In five years’ time, analysts predict that the global value of the mobile coupon market will top £27 billion in annual earnings. Given that the market will make an estimated £3.4 billion in 2011, it is clear that some are expecting explosive growth in this sector.
The major benefits of mobile coupons identified in a report published by Juniper Research include an increased ability for companies to target potential customers with a greater degree of accuracy than they might by using other traditional mediums. Because mobile phone coupons can be aimed at people with appropriate lifestyles and even use GPS data to enact location-based campaigns, a greater degree of efficiency is ensured.
Mobile coupons are not defined by a single technology or marketing strategy. Instead, the growth of smartphones allows companies to appeal to consumers through QR codes, NFC (Near Field Communication) ready hoardings and cross channel compatibility with web based services.
The flexibility of the application download services that are available on all major smartphone platforms is further expanding the market. Upcoming apps are being developed to allow users to compare and contrast coupons based on their current location and savvy businesses of all sizes will sign up to such programs so that their promotions and offers are highly visible to an increasingly well connected consumer base.
It is this potential to provide context to mobile coupon offers that makes them relevant to consumers and thus valuable to businesses. Some experts are concerned that companies will begin to bombard consumers with mobile coupons, quickly fatiguing the market and spoiling this budding relationship. They are calling for advertisers to take care and target campaigns precisely to ensure that consumers remain engaged and there is enough on the table to convince them that they should put aside their previous brand loyalties and perhaps try using a competitor.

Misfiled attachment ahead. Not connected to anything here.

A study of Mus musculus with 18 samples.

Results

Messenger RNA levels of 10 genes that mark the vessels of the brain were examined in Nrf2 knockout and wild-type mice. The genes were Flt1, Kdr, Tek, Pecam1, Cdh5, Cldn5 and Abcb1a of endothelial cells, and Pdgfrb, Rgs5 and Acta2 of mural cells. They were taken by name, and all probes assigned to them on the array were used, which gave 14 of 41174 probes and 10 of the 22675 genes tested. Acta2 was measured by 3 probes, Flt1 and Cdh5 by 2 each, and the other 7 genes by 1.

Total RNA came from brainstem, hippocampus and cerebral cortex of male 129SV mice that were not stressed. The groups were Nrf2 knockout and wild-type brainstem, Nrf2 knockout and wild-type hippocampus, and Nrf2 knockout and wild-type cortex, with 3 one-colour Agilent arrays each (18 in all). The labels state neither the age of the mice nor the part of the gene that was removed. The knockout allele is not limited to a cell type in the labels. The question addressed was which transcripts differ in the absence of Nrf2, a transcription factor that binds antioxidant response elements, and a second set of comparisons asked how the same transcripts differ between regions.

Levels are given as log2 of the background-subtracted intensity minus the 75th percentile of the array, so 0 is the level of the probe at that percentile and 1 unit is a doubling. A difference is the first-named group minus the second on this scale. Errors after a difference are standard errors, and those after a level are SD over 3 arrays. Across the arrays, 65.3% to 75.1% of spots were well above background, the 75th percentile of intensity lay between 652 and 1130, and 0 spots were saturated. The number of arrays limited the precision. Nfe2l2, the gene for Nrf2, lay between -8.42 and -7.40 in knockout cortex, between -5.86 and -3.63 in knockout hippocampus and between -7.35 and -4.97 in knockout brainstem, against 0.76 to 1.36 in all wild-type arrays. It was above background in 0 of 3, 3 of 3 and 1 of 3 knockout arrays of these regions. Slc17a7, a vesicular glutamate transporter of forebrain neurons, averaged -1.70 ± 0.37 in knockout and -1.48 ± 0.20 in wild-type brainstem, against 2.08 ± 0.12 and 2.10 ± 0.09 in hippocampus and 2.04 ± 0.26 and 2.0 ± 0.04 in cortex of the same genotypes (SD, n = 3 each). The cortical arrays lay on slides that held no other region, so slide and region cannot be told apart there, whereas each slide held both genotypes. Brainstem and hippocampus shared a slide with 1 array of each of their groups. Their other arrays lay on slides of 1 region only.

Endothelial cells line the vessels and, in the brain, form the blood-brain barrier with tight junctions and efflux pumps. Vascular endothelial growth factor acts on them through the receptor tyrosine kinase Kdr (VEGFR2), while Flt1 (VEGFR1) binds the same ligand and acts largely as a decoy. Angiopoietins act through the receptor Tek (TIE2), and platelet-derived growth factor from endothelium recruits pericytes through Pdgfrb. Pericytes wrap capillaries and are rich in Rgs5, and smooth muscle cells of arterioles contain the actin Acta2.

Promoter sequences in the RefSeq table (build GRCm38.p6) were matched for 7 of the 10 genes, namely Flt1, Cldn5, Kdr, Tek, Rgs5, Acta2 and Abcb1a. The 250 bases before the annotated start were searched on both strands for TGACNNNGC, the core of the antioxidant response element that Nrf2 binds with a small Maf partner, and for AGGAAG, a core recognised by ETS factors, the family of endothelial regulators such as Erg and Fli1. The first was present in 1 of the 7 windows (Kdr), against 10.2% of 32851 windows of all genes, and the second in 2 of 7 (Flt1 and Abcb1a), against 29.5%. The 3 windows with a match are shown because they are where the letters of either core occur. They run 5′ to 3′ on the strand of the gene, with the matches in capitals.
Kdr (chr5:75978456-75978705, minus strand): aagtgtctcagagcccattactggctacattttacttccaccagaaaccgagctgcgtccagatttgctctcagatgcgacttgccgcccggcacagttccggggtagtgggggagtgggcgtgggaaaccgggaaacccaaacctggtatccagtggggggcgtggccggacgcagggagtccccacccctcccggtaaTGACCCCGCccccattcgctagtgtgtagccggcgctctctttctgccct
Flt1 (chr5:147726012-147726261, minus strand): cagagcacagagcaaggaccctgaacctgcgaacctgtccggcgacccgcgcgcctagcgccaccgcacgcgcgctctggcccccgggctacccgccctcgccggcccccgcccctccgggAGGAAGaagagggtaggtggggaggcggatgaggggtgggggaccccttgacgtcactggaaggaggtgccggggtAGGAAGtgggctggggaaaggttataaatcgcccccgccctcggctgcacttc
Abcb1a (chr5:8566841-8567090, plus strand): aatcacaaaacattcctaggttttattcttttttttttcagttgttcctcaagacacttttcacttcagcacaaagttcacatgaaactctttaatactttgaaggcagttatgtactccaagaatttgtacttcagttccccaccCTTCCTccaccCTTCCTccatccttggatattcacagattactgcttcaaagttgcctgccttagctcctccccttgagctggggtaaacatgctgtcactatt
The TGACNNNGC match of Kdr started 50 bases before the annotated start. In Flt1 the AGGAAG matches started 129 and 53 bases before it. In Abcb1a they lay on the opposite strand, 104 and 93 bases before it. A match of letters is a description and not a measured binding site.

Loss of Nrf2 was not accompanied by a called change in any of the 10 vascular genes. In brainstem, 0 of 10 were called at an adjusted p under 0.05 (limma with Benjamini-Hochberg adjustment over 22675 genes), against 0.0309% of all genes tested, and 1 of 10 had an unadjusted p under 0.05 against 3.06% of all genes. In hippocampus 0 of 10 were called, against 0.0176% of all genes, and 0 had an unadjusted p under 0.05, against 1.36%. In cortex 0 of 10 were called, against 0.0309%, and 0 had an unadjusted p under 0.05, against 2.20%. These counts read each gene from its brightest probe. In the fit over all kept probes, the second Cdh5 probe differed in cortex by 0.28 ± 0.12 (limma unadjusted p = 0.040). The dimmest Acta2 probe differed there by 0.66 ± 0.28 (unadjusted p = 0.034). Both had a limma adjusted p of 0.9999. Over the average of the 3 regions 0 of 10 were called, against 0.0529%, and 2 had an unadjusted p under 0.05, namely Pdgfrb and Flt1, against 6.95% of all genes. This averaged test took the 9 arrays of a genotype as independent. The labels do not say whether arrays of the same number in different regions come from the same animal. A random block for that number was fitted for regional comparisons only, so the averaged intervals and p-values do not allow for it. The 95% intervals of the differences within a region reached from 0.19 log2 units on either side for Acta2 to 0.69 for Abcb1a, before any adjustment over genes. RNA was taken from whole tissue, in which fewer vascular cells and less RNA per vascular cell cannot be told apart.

In the long term this will be about more than just the discounts and short term deals. There are some sceptics who believe that the culture of mobile coupons will just encourage a more fragmentary market where consumers dip into a business just once to take advantage of an offer and then never return. However, statistics show that people who use coupons part with more cash than they might have done had they not been brought on-board by an offer, which suggests that there are real benefits which go beyond simple frugality.
In fact, one mobile coupon start-up, which is launching in the US, is attempting to combine the ethos of offers with rewards for loyalty. Shopkick uses the location of the consumer to give them offers when they arrive at relevant retailers’ outlets. If they come back regularly they will get a loyalty reward in the form of points which can be redeemed for cash or reinvested in-store. Loyalty schemes are nothing new, but initiating one that operates across multiple retailers shows just how enterprising it is possible to be in the world of mobile coupons.
Ideally, the mobile coupon market will benefit small businesses as well as established brands. According to David Snow, the man behind the Juniper Research report into the market, there will be great opportunities for growing companies to tap into mobile coupons because the requirements for entry are low and the rewards in terms of sales increases and customer loyalty will be significant. Mr Snow believes that any organisations that fail to recognise the inevitable rise of mobile coupons will be left behind.